World War II generated a lot of interesting propaganda and a lot of interesting hardware. In this post, we’ll see a mix.
From 1939-1945, Great Britain was dark at night as a result of wartime blackouts that were designed to make it difficult for the Germans. “Carrots provide a good remedy for blackout blindness, which afflicts many a Briton, on these wartime nights and have the additional merit of improving the complexion, the British have been told officially. The Ministry of Agriculture in London declares that carrots are the best source of Vitamin A, which is healthy for healthy eyes. They should be eaten raw, as cooking tends to destroy the vitamin. “If we included a sufficient quantity of carrots in our diet,” said the ministry, “we should overcome the early prevalent maladay of blackout blindness.” Carrots are termed the best vegetable for improving the complexion, by Gaylord Hanser, Hollywood beauty expert, according to the Ministry.” 
Food was scarce, but there were plenty of carrots and carrots were inexpensive. The British government wanted Britons to eat more carrots. They generated interesting recipes to help facilitate it…even carrot fudge.
Perhaps more hopefully, the British government wanted the Germans to think that the reason British fighters were succeeding against German aircraft at night was…..carrots. They did not want the Germans to know about its new airborne RADAR, which was responsible for thwarting the nighttime raids. It’s doubtful that the German bought the story.
But this note is not really about carrots. Leading up to World War II, the US military was confronted with a young male population that was suffering from a nutritional deficit caused by The Great Depression. There was a big push for more research into vitamins and nutrition. Vitamin A is important to good health and it received a lot of attention.
Before 1942, the standard procedure for measuring the concentration of Vitamin A in a food supplement/sample was:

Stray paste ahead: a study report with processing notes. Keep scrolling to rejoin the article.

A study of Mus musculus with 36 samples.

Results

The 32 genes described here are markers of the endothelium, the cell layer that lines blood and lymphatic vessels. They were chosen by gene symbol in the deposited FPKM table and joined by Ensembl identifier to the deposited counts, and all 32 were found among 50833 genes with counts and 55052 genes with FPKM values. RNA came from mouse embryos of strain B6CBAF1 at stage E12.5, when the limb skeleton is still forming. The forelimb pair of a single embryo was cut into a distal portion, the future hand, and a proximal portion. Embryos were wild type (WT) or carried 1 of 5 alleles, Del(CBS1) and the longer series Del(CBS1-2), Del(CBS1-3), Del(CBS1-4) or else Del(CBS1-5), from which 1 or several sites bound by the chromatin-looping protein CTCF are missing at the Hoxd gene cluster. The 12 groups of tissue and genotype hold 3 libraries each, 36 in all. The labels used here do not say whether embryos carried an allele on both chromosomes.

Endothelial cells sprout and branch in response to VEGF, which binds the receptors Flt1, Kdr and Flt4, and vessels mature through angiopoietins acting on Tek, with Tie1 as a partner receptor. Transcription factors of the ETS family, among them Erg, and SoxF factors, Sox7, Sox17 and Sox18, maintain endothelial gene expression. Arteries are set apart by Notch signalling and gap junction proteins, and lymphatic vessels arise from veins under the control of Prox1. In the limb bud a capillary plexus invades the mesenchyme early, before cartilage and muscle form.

- Feed the sample to rats for three or four weeks
- Measure the growth in the length of the rats’ tails
- Develop a model for tail bone growth as a function of Vitamin A concentration
Dr. Arnold O. Beckman had a better solution. He said, “In 1940, no one at National Technical Laboratories had any extensive experience in spectrophotometry. The fact was recognized, however, that the amplifier of the Beckman pH meter was well suited for use with vacuum-type phototubes. The company began a spectrophotometer development program in early 1940, and the responsibility for this program was assigned to H. H. Cary. Consulting assistance was sought from recognized optical experts, but World War II was under way and experts were hard to find. Roger Hayward, a professional architect and amateur scientist with some optic experience from his association with the Mount Wilson Observatory, provided a needed link to monochromator technology. His genius for quickly translating ideas into useful sketches was partially responsible for the extreme rapidity with which the DU spectrophotometer was developed. Douglas Marlow provided proficiency in mechanical design.
The first instrument designed was a glass Fery prism instrument, but its performance was not considered suitable. A quartz prism Littrow design with a tangent-bar drive followed and was designated the Model Β. Of the two quartz Model Β instruments produced, one was sold to the Chemistry Department of the University of California of Los Angeles in February 1941, and the other is in the company’s historical museum. This instrument utilized a tangent-bar mechanism which provided a substantially linear wavelength scale. Unfortunately, the scale was too compressed, particularly in the ultraviolet region, and was replaced by a Model C with its innovative scroll drive, which was used in all subsequent Beckman quartz prism monochromators. Of the three Model C instruments produced, California Institute of Technology, Vita Foods Co., and Riverside Experiment Station each purchased one. The Caltech instrument was later returned to the company for its museum.” 
After Beckman’s DU, the process for Vitamin A concentration measurements became:
- Dissolve the nutritional sample in water
- Place it in the DU and measure absorption
Rats were spared, researchers were spared the three weeks for tail growth, and the military improved the nutrition of warfighters. Yes, carrots were tested in a DU!
It’s important to note that visible and IR spectrophotometers were already present in the marketplace by the time of the DU’s introduction. However, Dr. Beckman realized that biological samples required UV sources and optical systems. The DU was the first commercial UV-VIS device. This was a very big deal.
I’m hunting for a DU to inspect and perhaps refurbish.
 “Carrots Remedy for Blindness,” The Daily Colonist, Victoria BC, FEB 9, 1941.
 Beckman, A.O., Gallaway, W. S., Kaye, W., and Ulrich, W. F. “History of Spectrophotometry at Beckman Instruments, Inc.”. Analytical Chemistry, 49, pp 280A-300A (1977).